Rechargeable paper sheets could help rewrite the book on electricity storage



According to one of the groups of researchers working on the new material in the Laboratory of Organic Electronics at Linköping University, power paper has the characteristics of ordinary paper with a slight plastic sheen. To demonstrate its flexibility and strength, the researchers claim they were even able to use one piece to fold an origami swan.

Just one sheet of the new electric paper, some 15 cm (6 in) wide and mere tenths of a millimeter thick, is able store as much as electric charge as a 1 Farad capacitor; an amount similar to currently available supercapacitors. According to the researchers, the new paper also holds four world records for any supercapacitor – the highest charge and capacitance in organic electronics, of 1 Coulomb and 2 Farad, the highest measured current in an organic conductor of 1 Ampere, along with the highest capacity to simultaneously conduct ions and electrons, and the highest transconductance in a transistor.

"Thin films that function as capacitors have existed for some time," said Xavier Crispin, professor of organic electronics. "What we have done is to produce the material in three dimensions. We can produce thick sheets."

The primary construction material used is nanocellulose, which is composed of cellulose that has been broken down into fibers around 20 nm in diameter. These nanocellulose

fibers are then soaked in water, and an electrically charged polymer, PEDOT:PSS (the same ingredient recently used in the production of weavable LED fibers and the creation of semi-transparent solar cells) in solution is added. The ensuing process then sees a thin patina of polymer form around the fibers.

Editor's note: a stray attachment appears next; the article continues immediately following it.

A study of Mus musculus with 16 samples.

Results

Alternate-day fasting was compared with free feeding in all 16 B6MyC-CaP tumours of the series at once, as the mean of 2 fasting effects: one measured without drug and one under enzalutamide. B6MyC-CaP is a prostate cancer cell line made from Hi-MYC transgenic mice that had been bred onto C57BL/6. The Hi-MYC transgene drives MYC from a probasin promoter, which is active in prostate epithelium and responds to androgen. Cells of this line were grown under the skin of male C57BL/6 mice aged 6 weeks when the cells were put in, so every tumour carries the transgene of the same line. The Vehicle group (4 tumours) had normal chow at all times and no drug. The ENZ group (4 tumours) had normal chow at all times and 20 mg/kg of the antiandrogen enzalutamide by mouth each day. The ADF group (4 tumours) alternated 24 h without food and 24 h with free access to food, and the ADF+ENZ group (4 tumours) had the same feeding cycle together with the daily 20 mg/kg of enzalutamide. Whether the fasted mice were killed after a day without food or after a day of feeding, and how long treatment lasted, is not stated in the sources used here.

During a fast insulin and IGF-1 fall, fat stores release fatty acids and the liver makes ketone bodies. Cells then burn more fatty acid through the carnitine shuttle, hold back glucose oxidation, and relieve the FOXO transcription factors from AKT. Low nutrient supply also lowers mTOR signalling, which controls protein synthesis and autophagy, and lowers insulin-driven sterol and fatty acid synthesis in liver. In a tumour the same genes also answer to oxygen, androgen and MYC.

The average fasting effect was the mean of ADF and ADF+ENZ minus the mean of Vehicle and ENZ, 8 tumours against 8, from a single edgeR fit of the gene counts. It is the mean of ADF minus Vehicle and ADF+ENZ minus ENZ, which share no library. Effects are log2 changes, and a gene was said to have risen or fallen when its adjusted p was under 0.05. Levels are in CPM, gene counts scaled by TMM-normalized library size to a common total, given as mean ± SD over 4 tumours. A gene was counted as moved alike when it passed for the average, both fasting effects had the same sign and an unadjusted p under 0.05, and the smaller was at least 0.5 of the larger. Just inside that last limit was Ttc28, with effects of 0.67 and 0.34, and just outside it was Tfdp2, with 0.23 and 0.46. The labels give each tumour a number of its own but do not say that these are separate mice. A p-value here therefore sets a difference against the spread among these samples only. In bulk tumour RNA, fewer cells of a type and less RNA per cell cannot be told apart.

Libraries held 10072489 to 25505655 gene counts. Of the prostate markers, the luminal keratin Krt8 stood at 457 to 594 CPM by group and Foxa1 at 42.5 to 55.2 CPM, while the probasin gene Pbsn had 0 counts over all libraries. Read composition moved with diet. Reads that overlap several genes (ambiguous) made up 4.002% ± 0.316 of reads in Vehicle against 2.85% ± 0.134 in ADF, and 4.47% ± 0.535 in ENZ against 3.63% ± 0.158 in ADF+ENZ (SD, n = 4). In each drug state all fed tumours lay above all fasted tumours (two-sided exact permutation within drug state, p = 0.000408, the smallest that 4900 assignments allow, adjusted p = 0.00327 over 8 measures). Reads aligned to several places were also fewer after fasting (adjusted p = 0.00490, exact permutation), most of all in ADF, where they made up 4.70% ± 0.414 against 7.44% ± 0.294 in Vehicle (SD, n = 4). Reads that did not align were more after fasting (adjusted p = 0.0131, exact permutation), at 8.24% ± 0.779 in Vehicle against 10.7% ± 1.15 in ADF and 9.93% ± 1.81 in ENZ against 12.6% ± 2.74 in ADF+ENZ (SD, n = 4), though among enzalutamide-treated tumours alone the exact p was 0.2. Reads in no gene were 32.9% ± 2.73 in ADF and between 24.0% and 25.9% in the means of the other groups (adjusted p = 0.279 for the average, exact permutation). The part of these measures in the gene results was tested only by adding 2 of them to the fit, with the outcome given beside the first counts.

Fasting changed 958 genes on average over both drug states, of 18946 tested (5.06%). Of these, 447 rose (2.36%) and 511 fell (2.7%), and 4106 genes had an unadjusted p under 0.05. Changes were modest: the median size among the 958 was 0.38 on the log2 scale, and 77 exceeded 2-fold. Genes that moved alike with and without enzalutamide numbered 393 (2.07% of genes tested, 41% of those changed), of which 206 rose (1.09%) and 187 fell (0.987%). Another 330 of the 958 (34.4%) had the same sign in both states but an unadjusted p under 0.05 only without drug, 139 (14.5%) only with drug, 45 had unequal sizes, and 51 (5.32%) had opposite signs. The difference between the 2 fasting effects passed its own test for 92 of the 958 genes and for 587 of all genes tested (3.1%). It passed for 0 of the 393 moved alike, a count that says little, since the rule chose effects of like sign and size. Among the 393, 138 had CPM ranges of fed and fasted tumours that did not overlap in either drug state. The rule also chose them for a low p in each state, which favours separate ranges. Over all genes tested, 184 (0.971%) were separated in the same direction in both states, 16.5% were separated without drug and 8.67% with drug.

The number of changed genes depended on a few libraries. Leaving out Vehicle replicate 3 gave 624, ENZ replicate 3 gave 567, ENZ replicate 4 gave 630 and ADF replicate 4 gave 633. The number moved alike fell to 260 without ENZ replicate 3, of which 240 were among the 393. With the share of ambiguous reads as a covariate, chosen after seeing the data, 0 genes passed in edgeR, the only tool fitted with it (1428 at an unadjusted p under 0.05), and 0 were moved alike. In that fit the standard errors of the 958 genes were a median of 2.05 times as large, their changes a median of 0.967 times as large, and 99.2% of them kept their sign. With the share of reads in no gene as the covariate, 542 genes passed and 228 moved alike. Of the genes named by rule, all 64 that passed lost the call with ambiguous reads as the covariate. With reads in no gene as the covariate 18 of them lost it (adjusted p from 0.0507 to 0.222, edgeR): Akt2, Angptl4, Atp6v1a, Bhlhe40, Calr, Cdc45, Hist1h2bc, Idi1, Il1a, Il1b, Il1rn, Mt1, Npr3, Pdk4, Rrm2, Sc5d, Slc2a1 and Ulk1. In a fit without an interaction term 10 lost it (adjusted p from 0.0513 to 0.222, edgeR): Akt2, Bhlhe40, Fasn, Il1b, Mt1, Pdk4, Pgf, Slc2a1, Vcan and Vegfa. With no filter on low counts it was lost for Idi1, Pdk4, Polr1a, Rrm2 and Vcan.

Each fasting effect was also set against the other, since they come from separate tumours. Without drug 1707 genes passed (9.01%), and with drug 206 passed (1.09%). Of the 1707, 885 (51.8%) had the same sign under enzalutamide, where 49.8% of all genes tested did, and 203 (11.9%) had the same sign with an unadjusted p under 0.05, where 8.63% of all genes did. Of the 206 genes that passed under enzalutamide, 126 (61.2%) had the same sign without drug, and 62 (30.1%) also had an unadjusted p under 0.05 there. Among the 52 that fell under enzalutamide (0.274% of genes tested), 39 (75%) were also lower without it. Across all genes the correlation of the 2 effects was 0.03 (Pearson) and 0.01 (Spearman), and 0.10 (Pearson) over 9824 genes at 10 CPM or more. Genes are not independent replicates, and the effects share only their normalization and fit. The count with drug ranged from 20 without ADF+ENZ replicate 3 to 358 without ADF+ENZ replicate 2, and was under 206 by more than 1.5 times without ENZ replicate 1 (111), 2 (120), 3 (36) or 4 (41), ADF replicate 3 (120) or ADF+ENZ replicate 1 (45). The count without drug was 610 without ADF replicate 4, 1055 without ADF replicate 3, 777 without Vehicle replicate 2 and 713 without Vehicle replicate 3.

"The covered fibers are in tangles, where the liquid in the spaces between them functions as an electrolyte," said Linköping University doctoral student Jesper Edberg.

With an exceptional capacity for energy storage, the researchers believe that continued development will eventually produce even higher capacity units. And with the new power paper being prepared like ordinary paper using regular cellulose pulp, which is dehydrated in the same way, the most significant challenge is to produce an industrial-scale process to accommodate this.

"Together with KTH, Acreo and Innventia we just received SEK 34 million (US$4 million) from the Swedish Foundation for Strategic Research to continue our efforts to develop a rational production method, a paper machine for power paper," says Professor Berggren.

Financed by the Knut and Alice Wallenberg Foundation since 2012, the power paper project also included researchers from the KTH Royal Institute of Technology, Innventia, the Technical University of Denmark and the University of Kentucky.

The results of this research were recently published in the journal Advanced Science.